BHUBANESWAR, India, March 20 (Thomson Reuters Foundation) - P rotesters and government officials in eastern India clashed over the fate of land that South Korean steelmaker POSCO has asked Odisha state to take back, the latest twist in one of the most contentious battles over land in the country.
POSCO said at the weekend it had expressed its intention to give back the 2,700 acres (11 sq km) of land allotted to it for a long-delayed $12 billion steel project because it “will not be used urgently”.
A protest group on Monday said it has asked state officials to return the land to villagers, while authorities in Odisha said the land will revert to the state.
“It is the people’s land and it should be returned to them,” said Prasant Paikray, with the anti-POSCO group POSCO Pratirodh Sangram Samiti.
“Our movement will continue until the land is given back to the villagers,” he told the Thomson Reuters Foundation.
State Industry Minister Debi Prasad Mishra said the land would go into a land bank for other industrial projects.
“Not an inch of this land is private land,” he said.
The 2005 project in the coastal district of Jagatsinghpur was billed as India’s biggest foreign direct investment at the time. But it faced massive delays due to a regulatory maze and protests from local farmers.
As demand for land rises, is it rarely returned after being acquired for a project. But last year, the Supreme Court said land bought by West Bengal state for a Tata Motors factory must be returned to farmers after a decade-long battle.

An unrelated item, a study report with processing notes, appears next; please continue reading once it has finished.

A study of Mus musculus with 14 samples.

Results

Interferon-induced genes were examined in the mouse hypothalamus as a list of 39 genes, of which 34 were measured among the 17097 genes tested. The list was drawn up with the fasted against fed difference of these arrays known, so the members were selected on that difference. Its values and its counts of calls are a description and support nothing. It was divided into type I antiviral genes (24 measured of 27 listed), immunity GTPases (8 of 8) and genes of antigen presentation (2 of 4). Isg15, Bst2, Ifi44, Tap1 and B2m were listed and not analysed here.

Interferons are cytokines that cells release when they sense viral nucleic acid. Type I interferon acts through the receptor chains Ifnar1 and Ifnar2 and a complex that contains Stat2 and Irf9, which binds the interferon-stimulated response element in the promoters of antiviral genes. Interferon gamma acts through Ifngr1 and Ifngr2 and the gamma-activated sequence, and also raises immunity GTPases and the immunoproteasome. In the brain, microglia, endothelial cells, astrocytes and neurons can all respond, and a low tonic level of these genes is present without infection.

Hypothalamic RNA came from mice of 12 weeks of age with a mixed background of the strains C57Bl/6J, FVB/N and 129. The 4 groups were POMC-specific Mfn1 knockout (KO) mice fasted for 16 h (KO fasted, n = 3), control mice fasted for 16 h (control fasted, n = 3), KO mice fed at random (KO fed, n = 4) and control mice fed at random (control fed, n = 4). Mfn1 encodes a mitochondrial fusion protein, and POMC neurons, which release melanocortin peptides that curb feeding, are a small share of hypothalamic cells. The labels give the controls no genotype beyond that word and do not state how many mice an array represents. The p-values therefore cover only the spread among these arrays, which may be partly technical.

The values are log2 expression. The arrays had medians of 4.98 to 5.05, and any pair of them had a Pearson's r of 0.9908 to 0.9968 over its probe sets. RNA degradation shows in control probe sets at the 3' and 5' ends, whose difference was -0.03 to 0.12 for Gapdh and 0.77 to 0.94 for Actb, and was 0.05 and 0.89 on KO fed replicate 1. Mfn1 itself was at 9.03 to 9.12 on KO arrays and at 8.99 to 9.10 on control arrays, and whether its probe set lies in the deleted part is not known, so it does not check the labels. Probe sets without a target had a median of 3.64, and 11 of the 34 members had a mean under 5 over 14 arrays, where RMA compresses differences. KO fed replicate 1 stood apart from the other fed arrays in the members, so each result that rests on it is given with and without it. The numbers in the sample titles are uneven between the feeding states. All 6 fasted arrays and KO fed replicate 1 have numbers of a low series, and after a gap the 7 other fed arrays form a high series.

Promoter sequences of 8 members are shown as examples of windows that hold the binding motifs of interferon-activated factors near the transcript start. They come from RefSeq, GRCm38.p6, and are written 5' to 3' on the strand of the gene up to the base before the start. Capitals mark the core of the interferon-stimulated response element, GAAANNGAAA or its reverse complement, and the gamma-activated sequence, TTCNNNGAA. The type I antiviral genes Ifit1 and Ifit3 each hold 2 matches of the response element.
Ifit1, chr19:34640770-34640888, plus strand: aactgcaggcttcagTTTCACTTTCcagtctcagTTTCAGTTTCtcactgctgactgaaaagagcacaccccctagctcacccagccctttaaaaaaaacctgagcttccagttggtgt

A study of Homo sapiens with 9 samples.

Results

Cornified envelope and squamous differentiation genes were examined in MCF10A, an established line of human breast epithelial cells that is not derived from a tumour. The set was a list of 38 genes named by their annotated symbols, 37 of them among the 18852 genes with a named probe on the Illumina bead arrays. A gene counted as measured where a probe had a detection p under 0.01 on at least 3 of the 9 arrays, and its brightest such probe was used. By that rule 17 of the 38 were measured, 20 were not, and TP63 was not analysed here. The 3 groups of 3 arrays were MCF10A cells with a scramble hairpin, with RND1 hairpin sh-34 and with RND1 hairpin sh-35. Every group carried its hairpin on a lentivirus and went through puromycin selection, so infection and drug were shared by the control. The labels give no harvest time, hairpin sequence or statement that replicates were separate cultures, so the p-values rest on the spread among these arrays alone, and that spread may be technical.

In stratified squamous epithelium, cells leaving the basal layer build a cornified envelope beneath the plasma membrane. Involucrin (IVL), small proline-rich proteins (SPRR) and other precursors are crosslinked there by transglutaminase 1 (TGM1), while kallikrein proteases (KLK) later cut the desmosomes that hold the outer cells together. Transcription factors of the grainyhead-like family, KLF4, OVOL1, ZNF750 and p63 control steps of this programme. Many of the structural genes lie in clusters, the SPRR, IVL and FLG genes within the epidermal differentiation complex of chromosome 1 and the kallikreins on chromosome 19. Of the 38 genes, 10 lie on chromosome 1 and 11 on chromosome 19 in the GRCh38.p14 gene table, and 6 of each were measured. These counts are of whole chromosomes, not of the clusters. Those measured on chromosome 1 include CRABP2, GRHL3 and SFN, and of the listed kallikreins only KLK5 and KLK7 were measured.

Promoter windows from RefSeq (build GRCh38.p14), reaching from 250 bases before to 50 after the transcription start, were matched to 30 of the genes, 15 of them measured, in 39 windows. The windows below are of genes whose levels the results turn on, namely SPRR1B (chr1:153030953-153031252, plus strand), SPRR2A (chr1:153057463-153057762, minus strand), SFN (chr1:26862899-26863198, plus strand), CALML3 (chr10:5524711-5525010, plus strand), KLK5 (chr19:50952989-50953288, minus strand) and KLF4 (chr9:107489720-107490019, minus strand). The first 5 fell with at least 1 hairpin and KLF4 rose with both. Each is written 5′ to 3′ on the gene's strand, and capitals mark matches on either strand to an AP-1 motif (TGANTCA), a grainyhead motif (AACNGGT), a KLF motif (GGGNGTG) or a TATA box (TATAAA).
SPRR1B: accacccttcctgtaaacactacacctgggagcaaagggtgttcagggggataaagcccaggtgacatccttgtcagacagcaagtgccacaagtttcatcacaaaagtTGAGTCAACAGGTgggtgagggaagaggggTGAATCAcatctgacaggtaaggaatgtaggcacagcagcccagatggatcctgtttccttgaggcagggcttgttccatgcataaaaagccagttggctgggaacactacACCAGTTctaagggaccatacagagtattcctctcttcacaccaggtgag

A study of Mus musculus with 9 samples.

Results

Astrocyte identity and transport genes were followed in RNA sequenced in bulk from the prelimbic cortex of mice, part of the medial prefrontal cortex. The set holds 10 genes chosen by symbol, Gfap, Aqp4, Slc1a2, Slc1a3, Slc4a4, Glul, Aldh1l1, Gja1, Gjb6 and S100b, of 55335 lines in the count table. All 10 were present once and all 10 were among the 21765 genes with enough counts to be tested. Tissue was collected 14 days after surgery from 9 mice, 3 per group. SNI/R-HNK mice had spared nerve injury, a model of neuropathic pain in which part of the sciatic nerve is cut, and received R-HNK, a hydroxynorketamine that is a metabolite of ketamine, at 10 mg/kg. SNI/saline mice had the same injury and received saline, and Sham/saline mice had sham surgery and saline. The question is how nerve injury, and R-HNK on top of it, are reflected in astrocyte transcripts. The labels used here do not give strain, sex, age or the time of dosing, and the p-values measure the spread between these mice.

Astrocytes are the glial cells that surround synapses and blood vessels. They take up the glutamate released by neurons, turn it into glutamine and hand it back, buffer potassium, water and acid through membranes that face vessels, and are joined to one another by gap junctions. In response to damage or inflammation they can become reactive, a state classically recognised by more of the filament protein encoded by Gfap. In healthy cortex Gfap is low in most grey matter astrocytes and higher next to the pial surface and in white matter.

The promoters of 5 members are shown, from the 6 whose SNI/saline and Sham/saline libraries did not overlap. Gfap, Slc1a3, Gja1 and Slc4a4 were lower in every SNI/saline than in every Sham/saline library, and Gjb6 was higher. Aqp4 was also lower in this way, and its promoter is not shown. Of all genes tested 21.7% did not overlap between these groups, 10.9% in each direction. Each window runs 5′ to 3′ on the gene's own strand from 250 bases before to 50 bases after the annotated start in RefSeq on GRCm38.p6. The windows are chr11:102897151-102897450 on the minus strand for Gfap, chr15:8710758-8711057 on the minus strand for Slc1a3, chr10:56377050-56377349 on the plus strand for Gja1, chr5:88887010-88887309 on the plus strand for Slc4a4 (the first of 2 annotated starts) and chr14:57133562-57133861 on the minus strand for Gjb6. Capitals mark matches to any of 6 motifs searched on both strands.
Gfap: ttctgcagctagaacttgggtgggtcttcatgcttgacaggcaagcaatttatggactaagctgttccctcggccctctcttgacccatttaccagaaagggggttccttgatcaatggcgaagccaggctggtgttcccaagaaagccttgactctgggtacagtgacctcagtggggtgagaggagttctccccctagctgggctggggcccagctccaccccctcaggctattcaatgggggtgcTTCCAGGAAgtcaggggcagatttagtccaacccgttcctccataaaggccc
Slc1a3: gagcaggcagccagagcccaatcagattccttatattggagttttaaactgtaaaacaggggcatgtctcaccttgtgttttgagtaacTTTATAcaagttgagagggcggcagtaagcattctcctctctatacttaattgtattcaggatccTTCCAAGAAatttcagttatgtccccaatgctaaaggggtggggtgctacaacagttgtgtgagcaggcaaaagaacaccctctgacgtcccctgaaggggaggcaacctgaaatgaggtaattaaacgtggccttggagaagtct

The top court has also taken a dim view of special economic zones, asking seven states earlier this year why land bought for industry is lying idle.
Conflicts with farmers reluctant to give up land have stalled major projects and put billions of dollars of investment at risk, according to research published in November.
Officials in resource-rich Odisha in eastern India have said projects such as POSCO’s are crucial to generating jobs and raising incomes in the poor state.
Betel nut farmers, who were among those who surrendered their land, said they would resume farming on the land if it is returned to them.
“The administration demolished our betel vines and promised us other jobs. Since nothing is going to happen, our land should be given back, so that we can resume cultivation,” said Tuna Baral, 30, a resident of Gobindpur village. (Writing by Rina Chandran @rinachandran, Editing by Ros Russell. Please credit the Thomson Reuters Foundation, the charitable arm of Thomson Reuters, that covers humanitarian news, women’s rights, trafficking, property rights, climate change and resilience. Visit news.trust.org to see more stories.)